But, as in Zaïre, the postfight minutes were confusing and surprising. Foreman was cooling off and saying to himself, Man, who cares about a boxing match? I still got everything. If I wanted to, I could retire now, go to the country. I could retire and die.
Now, where did the idea of dying come from? And then Foreman felt himself plunged "into a deep, dark nothing, like out in a sea, with nothing over your head or under your feet.
"Just nothing," Forman says, "nothing but nothing. A big dark lump of it. And a horrible smell came with it. A smell I haven't forgotten. A smell of sorrow. You multiply every sad thought you ever had, it wouldn't come close to this. And then I looked around and I was dead. That was it. I thought of everything I worked for. I hadn't said goodbye to my mother, my children. All the money I hid in safe-deposit boxes! You know how paper burns and when you touch it, it just crumbles. That was my life. I looked back and saw it crumble, like I'd fallen for a big joke.
"And then I said, I don't think this is death. I still believe in God. And I said that and I was back alive in the dressing room. And I could feel the blood flowing through my veins."
It was a wonderful sensation. Says Foreman, "For a moment, I felt I was somebody."
Gil Clancy, his trainer for that fight, says Foreman was suffering from heat prostration. Foreman smiles at the idea. Even as he was undergoing this experience, he knew nobody would believe him. "You know that feeling I was supposed to get from being champion? What that scar was supposed to give me? I had that feeling in that room. They thought I was crazy, and I don't blame them."
From then on he has led the life of a preacher, appearing on Houston street corners and eventually in his own church, a small metal building a block from his youth center, where he conducts three meetings a week. With a good sermon, he says, he can sometimes get a little bit of that feeling. "To this day I've been searching, trying to get that feeling and keep it."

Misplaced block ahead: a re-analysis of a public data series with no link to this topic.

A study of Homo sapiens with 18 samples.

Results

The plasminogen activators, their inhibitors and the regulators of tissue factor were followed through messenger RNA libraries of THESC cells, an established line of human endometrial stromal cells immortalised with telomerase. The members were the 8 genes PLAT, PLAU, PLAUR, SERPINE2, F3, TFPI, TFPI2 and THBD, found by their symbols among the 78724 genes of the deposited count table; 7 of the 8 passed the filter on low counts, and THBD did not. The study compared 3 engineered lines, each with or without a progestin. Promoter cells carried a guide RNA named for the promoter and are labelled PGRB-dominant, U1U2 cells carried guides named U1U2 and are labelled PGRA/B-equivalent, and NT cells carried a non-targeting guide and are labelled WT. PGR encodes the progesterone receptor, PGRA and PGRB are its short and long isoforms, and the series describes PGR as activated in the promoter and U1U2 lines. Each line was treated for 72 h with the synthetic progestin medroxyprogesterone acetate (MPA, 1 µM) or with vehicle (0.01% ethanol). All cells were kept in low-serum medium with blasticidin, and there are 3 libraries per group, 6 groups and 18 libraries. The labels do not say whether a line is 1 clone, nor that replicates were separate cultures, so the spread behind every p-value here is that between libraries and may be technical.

Except for expenses eating into his principal, the case of George Foreman would have ended there, with Foreman chasing that spiritual high. There certainly were no regrets about leaving boxing. "I hadn't balled my fist in 10 years," he says. He didn't have a TV for some time, so the passing parade of heavyweights went by largely unnoticed.
BUT, THERE WERE THOSE EXPENSES. Foreman is not the first aging heavyweight champ to return to the ring—nor the first fighter to donate his earnings to a youth center—and rarely has it been a good idea. The boxing establishment seems to have come down solidly against his comeback. NBC boxing commentator Ferdie Pacheco says he always thought that Foreman and Rocky Marciano were the only guys who ever got out of boxing on time. But to come back now? Quite simply, Pacheco says. "This is pathetic. It shouldn't be allowed. He's overage, inept. This whole thing is a fraudulent second career to build a money fight with Tyson."